The San Francisco Bay Area is severely lacking when it comes to enormous, roadside animal collections, those ticky-tacky highway menageries that seem to clutter other regions.
Cruising over the inky black patchwork of rain-slick roads in the Texas hill country, I found enormous and unexpected joy in discovering these creatures — the pudgy squirrels, the rollicking elephants, the giraffes that seemed to materialize out of the shrubs to offer a friendly, “Hello, stranger. Welcome.”
I like a place where people go out of their way to say, “I like squirrels and you know, after seeing my giant fiberglass specimen, I think you will too.”
This must be what they mean by down home Texas hospitality, these offerings.
It always takes me a few days to get used to the hospitality of other regions. In San Francisco, you’re lucky to get a shrug or even a snort after those casual cash register interactions that come with buying coffee or, say, finding a place to stay for the night.
“Thanks, have a good one.”
It must chip away at the soul, these interactions. Because pretty much everywhere I went in Texas, I was almost taken aback by friendly gestures.
One woman at a coffee shop thanked me profusely for my order.
“Where you from, honey?”
I inched away from the counter and, only later, realized I had lightly brushed my hand against my wallet pocket, just to make sure it was still there.
There’s always a sense of ending in California. Drive one direction for an hour and eventually you hit a mountain or a beach or some new landmark that reminds you of destination, of home.
At twilight, while driving back from Austin to my hotel outside of town, I had a near panic attack at the sprawling, endless vista — the vastness that seemed to settle on the horizon like humidity.
I have a very difficult time at conferences, the reason for my trip. I was speaking on a panel with some amazing dad bloggers about writing, and we had a good time and I think it went really well. But the rest of the time, the parties, the hallway chit chat, the casual get-togethers, I can’t help feeling like the boringest, most awkward moron in the world — the guy who can always find a way to stop pretty much any conversation. So by the end of these things, I’m usually hiding out in my hotel room, reading a book.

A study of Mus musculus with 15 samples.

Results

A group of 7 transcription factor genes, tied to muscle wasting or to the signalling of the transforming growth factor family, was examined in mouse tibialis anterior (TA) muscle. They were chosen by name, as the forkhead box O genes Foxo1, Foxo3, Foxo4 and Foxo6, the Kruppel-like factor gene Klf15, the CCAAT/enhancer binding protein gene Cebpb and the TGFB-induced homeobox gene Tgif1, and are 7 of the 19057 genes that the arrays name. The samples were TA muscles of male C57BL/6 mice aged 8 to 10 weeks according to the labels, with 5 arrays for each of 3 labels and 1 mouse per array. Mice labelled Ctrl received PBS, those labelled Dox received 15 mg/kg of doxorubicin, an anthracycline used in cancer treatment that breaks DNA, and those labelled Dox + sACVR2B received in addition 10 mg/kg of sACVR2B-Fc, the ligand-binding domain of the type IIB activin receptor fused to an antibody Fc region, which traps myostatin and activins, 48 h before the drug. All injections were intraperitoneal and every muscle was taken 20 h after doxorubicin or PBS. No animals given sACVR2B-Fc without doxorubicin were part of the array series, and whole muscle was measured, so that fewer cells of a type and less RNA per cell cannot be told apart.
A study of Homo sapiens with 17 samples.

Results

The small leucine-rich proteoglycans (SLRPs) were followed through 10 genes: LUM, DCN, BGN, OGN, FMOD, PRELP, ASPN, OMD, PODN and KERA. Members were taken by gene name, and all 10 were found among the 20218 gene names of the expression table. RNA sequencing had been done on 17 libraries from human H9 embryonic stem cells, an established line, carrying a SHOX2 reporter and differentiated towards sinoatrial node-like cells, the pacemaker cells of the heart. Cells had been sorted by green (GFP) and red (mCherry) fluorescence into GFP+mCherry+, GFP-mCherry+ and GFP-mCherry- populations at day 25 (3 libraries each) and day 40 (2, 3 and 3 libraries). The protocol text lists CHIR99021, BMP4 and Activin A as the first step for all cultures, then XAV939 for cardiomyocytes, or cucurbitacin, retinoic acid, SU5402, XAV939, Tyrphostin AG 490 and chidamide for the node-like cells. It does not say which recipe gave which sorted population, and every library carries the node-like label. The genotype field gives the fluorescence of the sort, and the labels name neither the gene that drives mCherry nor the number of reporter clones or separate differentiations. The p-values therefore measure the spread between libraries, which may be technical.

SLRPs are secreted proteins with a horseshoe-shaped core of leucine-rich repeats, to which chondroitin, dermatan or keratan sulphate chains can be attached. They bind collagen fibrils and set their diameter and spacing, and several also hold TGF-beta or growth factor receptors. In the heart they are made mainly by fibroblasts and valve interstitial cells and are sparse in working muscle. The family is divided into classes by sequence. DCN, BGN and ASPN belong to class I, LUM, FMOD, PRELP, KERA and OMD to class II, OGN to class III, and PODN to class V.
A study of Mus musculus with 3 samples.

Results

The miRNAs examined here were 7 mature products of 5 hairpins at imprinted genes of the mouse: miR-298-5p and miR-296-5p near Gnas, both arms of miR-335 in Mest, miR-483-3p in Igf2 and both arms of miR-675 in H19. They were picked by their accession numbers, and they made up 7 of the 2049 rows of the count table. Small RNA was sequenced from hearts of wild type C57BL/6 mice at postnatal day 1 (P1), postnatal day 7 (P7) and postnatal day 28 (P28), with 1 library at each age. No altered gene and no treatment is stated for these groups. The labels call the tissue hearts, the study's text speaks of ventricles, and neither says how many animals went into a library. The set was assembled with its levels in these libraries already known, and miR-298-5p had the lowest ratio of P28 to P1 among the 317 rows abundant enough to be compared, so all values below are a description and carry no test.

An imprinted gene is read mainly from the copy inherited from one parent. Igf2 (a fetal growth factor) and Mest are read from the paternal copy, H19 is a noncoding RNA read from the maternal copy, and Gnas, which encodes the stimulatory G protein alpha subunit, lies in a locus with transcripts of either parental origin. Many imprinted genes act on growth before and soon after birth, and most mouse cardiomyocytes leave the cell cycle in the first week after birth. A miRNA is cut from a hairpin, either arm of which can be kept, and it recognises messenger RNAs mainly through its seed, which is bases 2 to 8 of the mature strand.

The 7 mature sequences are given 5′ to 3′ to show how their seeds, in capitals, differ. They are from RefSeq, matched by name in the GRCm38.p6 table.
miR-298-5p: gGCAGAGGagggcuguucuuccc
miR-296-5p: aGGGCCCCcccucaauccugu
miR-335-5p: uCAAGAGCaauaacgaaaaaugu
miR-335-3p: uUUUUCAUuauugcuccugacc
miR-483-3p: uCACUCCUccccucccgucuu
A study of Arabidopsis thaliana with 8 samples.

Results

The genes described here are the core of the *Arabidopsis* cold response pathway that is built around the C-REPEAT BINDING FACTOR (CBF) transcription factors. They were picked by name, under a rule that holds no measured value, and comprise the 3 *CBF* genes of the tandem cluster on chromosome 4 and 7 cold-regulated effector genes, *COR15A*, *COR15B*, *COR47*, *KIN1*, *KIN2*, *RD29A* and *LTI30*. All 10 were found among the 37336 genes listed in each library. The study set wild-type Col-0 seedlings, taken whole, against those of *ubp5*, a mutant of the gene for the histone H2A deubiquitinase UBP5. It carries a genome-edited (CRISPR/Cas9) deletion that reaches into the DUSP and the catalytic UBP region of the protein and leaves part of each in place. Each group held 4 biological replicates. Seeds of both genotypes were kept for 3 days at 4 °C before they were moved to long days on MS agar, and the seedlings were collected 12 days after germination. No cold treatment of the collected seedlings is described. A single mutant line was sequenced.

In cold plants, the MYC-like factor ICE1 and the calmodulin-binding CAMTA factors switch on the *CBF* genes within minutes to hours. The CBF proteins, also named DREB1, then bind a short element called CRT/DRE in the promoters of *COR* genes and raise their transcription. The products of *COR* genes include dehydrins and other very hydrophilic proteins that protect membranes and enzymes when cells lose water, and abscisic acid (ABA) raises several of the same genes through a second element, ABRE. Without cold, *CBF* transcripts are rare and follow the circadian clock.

I struck out to Austin solo for dinner one night but because of the crowds in the barbecue restaurant had to share a table with a couple, essentially inserting myself into the very situation I was running from. I felt so badly for this couple, who ate and smiled and waited politely for me to leave.
A good friend who happened to be in town invited me to a movie and I jumped at the chance. It’s always such a soul-quenching thing, to hang out with someone who knows you well enough to expect very little.
I called Emmeline every evening to say goodnight and accidentally let it slip that the hotel had not only a few horses to ride but also a whole army of ponies and had even taken to saddling a couple longhorn cows for kicks.
When I finally made it home and slipped into her room at night to see her, she rubbed her eyes and sleepily groaned, “Did you bring me a saddle cow?”
She tried to lift her head one more time and then slumped back to sleep while I kissed her forehead and was grateful for that vast feeling of comfort that sometimes settles on you like a hug. It reminded me to ask her mother whether we could get an elephant for the front yard. Or maybe a zebra. Something wild and tacky to tell the world, “Hello stranger, welcome.”
I had a great time meeting some new friends and also exploring Austin and its surrounding sprawl. Here are a few more of my favorite photos from the trip.